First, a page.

Dividends.Whether you’re just starting your business or looking to expand, you’ll eventually run into financing questions. Should you take out a loan or look for investors to raise that extra capital you’re seeking? The route you take will result in big consequences for you in the long run. So, should you opt for debt or equity?

Debt Capital

Debt financing involves borrowing funds to be repaid at a later date at a defined interest rate. Debts are commonly in the form of either loans or credit. The benefit of debt is the large infusion of cash that allows the business owner to grow in a way that might be otherwise impossible. Even better, the entrepreneur gets to retain full ownership and control of his/her business.

The cost of debt is the payment of interest. Whether the business eventually thrives or fails, you have to repay your lenders.

Equity Capital

Equity is simply funds generated by the sales of a company’s stock. The benefit of equity is that irrespective of the business’s outcome, you do not have to repay the money. However, it shouldn’t be seen as a generous donation.

First off, investors are given a cut in your company for the risk they’re taking to back you up. Since investors are particularly concerned about maximizing returns, there’s always the pressure to surpass their expectations – generate consistent profits, maintain high stock valuation, and pay dividends.

Generally speaking, the cost of equity is higher than the cost of debt due to the higher risk associated.

Understanding Capital Structure

Capital structure is the specific combination of debt and equity used by a company to finance all of its operations and growth.

The best metric to understand the optimal capital structure is the ‘Weighted Average Cost of Capital (WACC)’. WACC simply represents a firm’s blended cost of capital including equity and debt. In simple terms, it measures the contribution of equity and debt to a company’s capital.

As you may recognize, the goal should be to minimize WACC.

Two factors can result in high WACC.

1) High debt and low equity

2) High equity and low debt

Consequently, a company’s capital structure should consist of a balanced combination of debt and equity.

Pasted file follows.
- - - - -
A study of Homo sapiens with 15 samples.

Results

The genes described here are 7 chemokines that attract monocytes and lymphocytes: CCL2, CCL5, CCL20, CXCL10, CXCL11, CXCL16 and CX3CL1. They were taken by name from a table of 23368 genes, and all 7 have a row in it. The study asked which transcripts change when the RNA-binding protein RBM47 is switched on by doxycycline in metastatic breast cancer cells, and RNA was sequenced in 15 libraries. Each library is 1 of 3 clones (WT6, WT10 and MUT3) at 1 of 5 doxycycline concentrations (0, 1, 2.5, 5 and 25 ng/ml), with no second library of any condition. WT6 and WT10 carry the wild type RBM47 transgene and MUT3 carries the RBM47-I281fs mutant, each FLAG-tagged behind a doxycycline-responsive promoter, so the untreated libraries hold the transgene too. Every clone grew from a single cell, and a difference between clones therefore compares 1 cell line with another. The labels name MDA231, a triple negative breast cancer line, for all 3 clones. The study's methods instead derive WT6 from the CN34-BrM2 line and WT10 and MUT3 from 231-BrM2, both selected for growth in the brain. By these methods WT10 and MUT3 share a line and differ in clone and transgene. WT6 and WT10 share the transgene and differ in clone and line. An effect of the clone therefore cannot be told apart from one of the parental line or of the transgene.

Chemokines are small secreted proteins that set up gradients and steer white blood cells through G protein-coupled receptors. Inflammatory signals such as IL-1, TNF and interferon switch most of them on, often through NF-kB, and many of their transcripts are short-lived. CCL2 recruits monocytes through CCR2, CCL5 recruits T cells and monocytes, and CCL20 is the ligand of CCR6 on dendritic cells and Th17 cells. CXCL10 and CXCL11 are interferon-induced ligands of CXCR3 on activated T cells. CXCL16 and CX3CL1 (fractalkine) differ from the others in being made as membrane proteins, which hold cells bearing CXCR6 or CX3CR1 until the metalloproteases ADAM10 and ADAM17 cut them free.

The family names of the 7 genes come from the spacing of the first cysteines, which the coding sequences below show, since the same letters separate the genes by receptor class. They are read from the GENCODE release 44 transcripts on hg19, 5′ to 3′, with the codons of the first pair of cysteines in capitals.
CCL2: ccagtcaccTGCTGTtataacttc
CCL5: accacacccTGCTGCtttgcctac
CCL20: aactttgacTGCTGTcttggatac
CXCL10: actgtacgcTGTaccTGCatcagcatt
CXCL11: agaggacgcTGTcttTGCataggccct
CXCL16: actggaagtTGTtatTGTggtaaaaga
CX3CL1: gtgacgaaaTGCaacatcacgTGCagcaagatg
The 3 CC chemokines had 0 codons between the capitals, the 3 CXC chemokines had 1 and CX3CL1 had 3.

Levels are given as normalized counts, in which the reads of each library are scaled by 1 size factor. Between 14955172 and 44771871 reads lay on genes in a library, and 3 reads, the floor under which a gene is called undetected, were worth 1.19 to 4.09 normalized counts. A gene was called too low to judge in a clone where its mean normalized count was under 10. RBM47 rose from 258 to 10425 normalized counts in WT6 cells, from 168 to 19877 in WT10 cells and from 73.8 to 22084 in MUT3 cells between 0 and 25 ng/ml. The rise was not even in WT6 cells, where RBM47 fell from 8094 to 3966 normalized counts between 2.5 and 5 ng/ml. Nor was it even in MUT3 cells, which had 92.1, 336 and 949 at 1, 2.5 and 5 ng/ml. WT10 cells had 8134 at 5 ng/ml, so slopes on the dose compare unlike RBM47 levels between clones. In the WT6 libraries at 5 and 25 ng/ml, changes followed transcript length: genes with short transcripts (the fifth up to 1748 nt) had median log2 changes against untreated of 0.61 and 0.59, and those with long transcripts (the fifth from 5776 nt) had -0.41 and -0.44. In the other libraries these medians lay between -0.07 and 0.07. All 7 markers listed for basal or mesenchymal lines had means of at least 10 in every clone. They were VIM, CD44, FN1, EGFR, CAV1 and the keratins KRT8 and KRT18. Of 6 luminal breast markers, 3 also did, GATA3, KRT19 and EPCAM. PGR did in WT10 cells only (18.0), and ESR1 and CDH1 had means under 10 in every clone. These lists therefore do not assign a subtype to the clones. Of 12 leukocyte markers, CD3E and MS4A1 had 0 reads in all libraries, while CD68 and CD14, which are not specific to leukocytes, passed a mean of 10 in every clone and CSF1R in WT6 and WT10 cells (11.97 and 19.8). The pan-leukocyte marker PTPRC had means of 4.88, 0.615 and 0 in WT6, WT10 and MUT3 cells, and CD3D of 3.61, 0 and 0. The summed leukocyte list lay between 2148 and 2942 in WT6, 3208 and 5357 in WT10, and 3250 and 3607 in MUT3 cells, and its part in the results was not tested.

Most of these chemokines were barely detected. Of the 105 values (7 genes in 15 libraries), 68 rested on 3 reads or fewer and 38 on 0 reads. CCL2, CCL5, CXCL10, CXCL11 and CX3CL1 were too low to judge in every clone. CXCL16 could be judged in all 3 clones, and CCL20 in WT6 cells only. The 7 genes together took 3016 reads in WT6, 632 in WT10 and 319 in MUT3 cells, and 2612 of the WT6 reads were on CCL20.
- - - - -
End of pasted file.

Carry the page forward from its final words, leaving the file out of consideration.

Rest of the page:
Why Too Much Equity is Expensive

As noted earlier, the cost of equity is higher than the cost of debt because of the higher risks investors take when they give you money (if your business goes south, you do not have to repay them).

To compensate for this risk, equity investors will demand higher returns compared to an equivalent bond investor when he/she is purchasing your company’s stock.

Here are some of the reasons investing in stock is riskier:

1) Higher volatility of the stock market.

2) Stockholders have a lower claim on your company’s assets if you default.

3) Returns are not guaranteed.

4) Dividends can be low or absent if the company is faring poorly.

Therefore, funding with only equity will result in a high WACC.

Why Too Much Debt is Expensive

On the other end of the spectrum, we have funding purely with debt. While the cost of debt is lower than the cost of equity, this relationship reverses when you take too much debt. The greatest factor affecting the cost of debt is the interest rate.

Think about it, as you accumulate debt, the probability of defaulting increases. To compensate for this increased risk, interest rates increase. This results in a downwards spiral. If the company experience a slow sales period, it won’t be able to generate enough cash to make monthly payments, and might eventually default.

Thus, too much debt isn’t good because it increases WACC.

Optimal Capital Structure.

The optimal capital structure is peculiar to a company, and it represents the unique combination of equity and debt that minimizes the Weighted Average Cost of Capital (WACC).

Factors to Consider Before Choosing a Financing Option

Here are some general principles to guide you to decide when equity is preferable to debt and vice versa.

  • How soon do you need financing?

If you need quick cash, debt financing is the best option. Equity financing takes time to secure – from finding the right investors to drawing a comprehensive business plan to pitching to investors, and more.

  • How much do you need?

If you’re looking for a small amount say < $10,000, then you shouldn’t bother yourself with equity. Equity investors typically invest upwards of $100,000.

  • Are you looking for more than money?

If you want ‘smart’ money – i.e., money that comes with advice and network – then equity financing is the way to go. Equity investors bring in their unique experience, expertise, and can link you with their vast network.

  • Does control mean a lot to you?

If you like to run your business without the interference of any third-party, then debt financing is the best option. You get to retain absolute control and ownership of your business.

  • How volatile are your earnings?

If your profits are unpredictable or seasonal, you’ll likely default on monthly debt payments. In such cases, opting for equity may be a more prudent choice.

  • How intense is your R&D?

For a startup company with a serious focus on R&D, profits may be more of a long-term objective. Monthly payments for debt financing will only detract from the cash flow that should be invested in further research. This makes equity financing a better option.

  • What is the interest rate?

If the interest of debt is too high, then it probably means the cost of debt is higher than the cost of equity. In such a scenario, equity financing may be better. Questions or concerns? Reach out to us today for more information.